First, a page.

Rick is gay, his narrative voice unabashedly so. Whilst Eric, his co-worker on the pop-wagon, nips out for a cheeky kneetrembler with one of his ‘doorstep women’, our young protagonist spends his afternoons with a regular customer nicknamed Matterhorn Man, marvelling at his ‘amazing, perfect, slightly kinked cock’. It’s refreshing – radical almost – to read a novel about a gay teen so breezily at ease with himself. Rick exchanges casual blowjobs in gloomy stairwells and park corners with men whose secret shame and terror of being caught out he can never quite bring himself to share.
Meanwhile, women are being murdered. Peter Sutcliffe casts a dark, dubious shadow across Blood Relatives, its action framed by his five-year campaign of terror waged against the North’s working girls, its chapters taking their titles (rather questionably) from each of his victims. These deaths arouse little public sympathy but ample media prurience: Rick regularly watches news programmes hosted by the ubiquitous ‘poncy Southern reporter’ who talks to the locals as though they’re ‘an alien life form’. And yet his sex-worker friends get on with their lives: they make him cups of tea, they chat with him, they dance.
But Sutcliffe’s presence is more red herring than Red Riding. The narrative pinballs from scene to scene, too exuberant to descend into the dourness one might expect from a novel about a series of murders. Although found in dreary bedsits and dingy terraces, Alcock’s cast is a veritable Star Wars universe of greaseball punks, flamboyant transvestites, National Front skinheads, psychic pensioners, weasly paedophiles and exiled Iranians.
This gives the novel a formless quality. Although it opens with a body, what follows only pays lip-service to the notion of genuine structure: characters come and go; events pass without consequence; sub-plots mount, spilling over one another, rarely seeking resolution. But it’s hard to view any of these as serious faults: they certainly prevent Blood Relatives from ever becoming dull. This is also due to the decade being alternately skilfully rendered – period details are unobtrusive, seams of casual racism and misogyny intersect throughout – and slapped on in broad I Love the 1970’s strokes: the Sex Pistols preach noisy anarchy, mass industrial action is taken, Margaret Thatcher’s Prime Ministerial ambitions are archly dismissed. Even Jimmy Savile makes a distant, oblique cameo.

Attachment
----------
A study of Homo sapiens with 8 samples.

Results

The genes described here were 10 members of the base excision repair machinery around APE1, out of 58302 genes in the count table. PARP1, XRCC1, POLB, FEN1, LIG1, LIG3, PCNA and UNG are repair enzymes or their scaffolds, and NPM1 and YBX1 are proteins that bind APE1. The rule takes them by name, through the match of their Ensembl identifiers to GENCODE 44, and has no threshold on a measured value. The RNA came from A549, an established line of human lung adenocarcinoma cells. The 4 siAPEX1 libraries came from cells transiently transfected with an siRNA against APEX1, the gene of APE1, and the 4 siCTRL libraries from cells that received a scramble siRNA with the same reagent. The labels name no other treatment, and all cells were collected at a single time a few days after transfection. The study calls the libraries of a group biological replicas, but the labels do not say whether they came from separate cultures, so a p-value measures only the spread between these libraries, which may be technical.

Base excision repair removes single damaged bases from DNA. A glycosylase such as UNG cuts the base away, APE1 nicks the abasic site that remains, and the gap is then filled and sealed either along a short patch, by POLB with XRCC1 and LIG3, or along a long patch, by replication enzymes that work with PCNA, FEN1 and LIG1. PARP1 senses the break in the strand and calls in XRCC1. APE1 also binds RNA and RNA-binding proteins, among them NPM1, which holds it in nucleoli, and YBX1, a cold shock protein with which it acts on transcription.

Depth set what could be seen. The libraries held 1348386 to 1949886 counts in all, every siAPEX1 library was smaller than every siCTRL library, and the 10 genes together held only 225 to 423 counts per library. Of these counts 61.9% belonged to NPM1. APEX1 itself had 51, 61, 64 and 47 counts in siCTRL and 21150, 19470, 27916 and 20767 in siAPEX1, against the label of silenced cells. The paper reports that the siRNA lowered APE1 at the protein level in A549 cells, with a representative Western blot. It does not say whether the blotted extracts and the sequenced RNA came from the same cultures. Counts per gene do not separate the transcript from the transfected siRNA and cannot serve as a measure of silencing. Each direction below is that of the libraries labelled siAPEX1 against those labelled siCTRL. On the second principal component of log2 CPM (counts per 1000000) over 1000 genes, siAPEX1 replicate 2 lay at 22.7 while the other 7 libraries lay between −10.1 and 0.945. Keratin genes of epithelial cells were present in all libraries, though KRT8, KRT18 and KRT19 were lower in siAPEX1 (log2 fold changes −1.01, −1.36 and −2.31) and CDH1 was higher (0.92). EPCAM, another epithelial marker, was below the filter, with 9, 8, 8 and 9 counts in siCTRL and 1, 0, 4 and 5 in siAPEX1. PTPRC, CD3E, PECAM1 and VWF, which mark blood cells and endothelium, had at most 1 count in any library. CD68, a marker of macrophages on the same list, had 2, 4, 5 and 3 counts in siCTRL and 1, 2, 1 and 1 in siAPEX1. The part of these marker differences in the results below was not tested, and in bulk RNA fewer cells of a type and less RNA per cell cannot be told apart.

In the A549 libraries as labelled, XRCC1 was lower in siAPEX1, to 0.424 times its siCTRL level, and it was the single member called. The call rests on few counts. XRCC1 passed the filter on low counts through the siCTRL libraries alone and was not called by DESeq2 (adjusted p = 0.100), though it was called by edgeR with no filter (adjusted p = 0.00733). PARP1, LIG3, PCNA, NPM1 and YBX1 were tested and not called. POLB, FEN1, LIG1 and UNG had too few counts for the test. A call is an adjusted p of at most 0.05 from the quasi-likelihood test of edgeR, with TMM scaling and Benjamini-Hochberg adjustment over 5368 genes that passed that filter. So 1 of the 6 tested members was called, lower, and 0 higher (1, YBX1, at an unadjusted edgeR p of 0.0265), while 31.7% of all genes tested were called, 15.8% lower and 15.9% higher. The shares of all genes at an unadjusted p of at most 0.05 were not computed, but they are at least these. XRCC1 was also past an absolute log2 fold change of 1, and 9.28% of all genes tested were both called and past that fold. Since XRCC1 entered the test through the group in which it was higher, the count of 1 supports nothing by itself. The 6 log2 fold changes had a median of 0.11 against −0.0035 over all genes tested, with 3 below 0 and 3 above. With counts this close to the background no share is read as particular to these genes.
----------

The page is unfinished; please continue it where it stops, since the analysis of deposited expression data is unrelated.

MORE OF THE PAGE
But the novel’s most eye-catching aspect is its language. Alcock captures not only the voice of his intelligent, happy-go-lucky protagonist, but also the heft and current of his local tongue (few other novelists would have the confidence to allow their narrator to consistently refer to biscuits as ‘bikkies’). But an attempt at a Scottish style regional phonetics which sees almost every the in the novel become a t’, every with a wi’, is unsuccessful, turning the prose into a dialect tourist’s field-notes rather than anything convincingly authentic.
Otherwise, the novel’s social aims are subtler. The 1970’s blokeyness is there – the afternoon pints in dingy pubs, the shady wheeling and dealing, the slap-and-tickle infidelities – but cannily recast from a queer perspective, giving voice to the everyday life of a gay teenager in the decade between the promised freedoms of the 1960’s and the public reckoning found in the 1980’s. It’s no plot-spoiler to reveal that the novel ends with Sutcliffe’s final murder in 1980, the start of an era in which gay men would begin to seriously fear for their lives. And to which the initial public response would be, as a nameless woman towards the end of Blood Relatives says of Sutcliffe’s victims: ‘They’ve got it coming to them, haven’t they, luv?’
The parallels feel significant but are touched upon only lightly, their weight slipping quietly in and out of an otherwise resplendently and entertainingly unquiet novel.